For River Dreams’ debut album Small Paintings, the pandemic served as the impetus, rather than a deterrent, for recording sessions to take place.
Sydney musician and songwriter Carl Manwarring had been playing around the city’s Inner West bars, pubs and bowling clubs under his own name for a number of years, following an initial foray into the post-high school world of rock ’n’ roll with the band The Darkened Seas. More recently, River Dreams has become the moniker under which Manwarring writes, records and performs his songs of literate indie rock, peppered with strains of Americana and folk rock.
Though Covid has scuppered many of their live opportunities, River Dreams does exists as band, formed as the vehicle for Manwarring’s songwriting and creative vision. When it came to the recording of his debut album Small Paintings, he called upon friends and fellow musicians to add to the songs and bring them vividly to life in the studio of producer and bandmate Joseph Ireland (The Middle East, Joseph Liddy & The Skeleton Horse).
“If it wasn’t for the pandemic we wouldn’t have actually gone into the studioto record,” Manwarring reveals. “Were started going into Joe’s home studio once a week and did a session and the album grew from that. The frustrating thing has been not being able to play live. We’re a new band and we’ve only played four gigs. We love to play live and perform so it’s been great to have the time and resource to record but not great in the sense of being able to play live. Hopefully that will change though and getting this record out will help that.”
From songs that were primarily written on guitar and piano, the studio process was a revelation of sorts for Manwarring as it allowed him and Ireland to build sonic layers around his rich and evocative lyrics. “When we started he said we were going to make the songs weird which in a sense meant having fun with them. It started with me and guitar and then we layered the instruments on. We brought in Josh Piltz (Andy Golledge Band) to lay down the drums and then Billy Ward to do the sax. Joe and I did most of the other instruments and we’d do it bit by bit each week,” explains Manwarring. “We never overworked it and spent just the right amount of time each session without getting the shits with it,” he laughs.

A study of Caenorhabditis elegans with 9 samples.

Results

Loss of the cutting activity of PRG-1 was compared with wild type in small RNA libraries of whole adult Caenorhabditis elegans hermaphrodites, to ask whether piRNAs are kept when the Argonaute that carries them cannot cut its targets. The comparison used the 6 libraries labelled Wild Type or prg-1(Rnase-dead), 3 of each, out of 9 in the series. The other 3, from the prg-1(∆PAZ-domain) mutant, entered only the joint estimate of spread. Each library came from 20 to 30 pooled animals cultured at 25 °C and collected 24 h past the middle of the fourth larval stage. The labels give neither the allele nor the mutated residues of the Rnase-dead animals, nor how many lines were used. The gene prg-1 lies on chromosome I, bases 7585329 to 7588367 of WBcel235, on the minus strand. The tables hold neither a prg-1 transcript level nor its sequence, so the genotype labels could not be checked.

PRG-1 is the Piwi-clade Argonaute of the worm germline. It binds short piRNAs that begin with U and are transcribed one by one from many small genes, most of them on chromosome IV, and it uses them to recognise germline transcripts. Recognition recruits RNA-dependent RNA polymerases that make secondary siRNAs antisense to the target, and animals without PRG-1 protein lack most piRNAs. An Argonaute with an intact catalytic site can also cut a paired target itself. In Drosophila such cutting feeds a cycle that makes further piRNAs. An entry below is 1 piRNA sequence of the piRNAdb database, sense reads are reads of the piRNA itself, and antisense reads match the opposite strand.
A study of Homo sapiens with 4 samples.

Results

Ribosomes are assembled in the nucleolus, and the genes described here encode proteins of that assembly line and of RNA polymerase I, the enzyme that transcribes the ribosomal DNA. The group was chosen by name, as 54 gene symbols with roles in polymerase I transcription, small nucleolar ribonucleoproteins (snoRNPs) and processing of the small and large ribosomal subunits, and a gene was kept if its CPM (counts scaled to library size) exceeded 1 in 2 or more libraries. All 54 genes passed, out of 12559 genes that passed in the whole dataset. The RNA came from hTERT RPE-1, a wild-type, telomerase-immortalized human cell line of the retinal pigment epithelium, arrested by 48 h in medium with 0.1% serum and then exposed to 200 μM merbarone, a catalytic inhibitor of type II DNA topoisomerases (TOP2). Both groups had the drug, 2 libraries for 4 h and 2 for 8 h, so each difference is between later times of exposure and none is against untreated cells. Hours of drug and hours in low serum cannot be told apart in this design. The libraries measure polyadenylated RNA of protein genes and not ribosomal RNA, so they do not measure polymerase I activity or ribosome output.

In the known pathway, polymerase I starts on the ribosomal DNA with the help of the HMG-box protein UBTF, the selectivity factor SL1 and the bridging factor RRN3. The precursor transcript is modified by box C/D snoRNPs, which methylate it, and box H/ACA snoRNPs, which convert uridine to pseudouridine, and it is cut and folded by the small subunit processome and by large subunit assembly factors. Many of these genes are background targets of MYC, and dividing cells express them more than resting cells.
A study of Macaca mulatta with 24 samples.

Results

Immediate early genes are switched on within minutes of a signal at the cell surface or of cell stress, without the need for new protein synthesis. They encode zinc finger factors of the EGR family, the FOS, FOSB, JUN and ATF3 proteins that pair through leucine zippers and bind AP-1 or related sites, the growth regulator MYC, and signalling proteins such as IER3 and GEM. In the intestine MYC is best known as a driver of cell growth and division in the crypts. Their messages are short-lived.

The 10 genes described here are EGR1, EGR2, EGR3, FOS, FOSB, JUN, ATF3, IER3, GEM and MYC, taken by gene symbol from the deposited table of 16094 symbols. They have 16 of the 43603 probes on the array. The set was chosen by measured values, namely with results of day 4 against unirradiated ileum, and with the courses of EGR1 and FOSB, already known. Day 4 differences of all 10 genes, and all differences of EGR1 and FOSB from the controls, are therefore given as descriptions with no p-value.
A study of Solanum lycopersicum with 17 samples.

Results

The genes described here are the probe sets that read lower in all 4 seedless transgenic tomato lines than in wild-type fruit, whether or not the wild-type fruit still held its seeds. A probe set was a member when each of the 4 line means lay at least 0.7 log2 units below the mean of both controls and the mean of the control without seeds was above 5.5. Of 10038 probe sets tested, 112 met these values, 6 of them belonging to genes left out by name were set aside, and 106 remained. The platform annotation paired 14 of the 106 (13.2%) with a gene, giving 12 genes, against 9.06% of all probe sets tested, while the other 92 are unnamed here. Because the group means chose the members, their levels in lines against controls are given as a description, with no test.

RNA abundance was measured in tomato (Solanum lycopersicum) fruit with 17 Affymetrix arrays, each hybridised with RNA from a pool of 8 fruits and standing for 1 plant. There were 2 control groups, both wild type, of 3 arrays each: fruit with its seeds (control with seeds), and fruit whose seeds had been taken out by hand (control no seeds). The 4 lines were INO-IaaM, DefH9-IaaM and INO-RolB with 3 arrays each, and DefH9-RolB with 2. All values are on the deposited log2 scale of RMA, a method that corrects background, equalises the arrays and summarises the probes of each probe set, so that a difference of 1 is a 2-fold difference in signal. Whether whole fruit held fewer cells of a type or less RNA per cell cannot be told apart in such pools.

While many of Manwarring’s label mates on Evening Records work in different corners of country and folk music, he’s found his natural songwriting and singing style resides more in areas established and explored by the likes of Lou Reed, Silver Jews and more recently Kevin Morby. “I love country music and Americana but I’ve always been more of a rock ’n’ roll guy, growing up listening to the Velvet Underground and lots of blues. I’ve just always been more inclined that way. It suits my songwriting more and it’s naturally more my kind of music,” agrees Manwarring.
The slow build to his debut album meant that Manwarring had a decade-long pool of songs to draw from for Small Paintings. “At least two of these songs on the record I’ve been singing for at least ten years and a lot of the other ones are pretty fresh and new, written specifically for the record. I liked that though, it made it feel like a fresh thing, I didn’t want it to just be older songs.”
As he looks ahead to the prospect of more live shows and a second album, he reveals that the next one may be not be as long in the making. “Hopefully the next one will be soon, all the songs are there. I think I’d approach it being more aware of the song and the process of recording them and what we can do with them. I also want to be playing more shows… 100%!”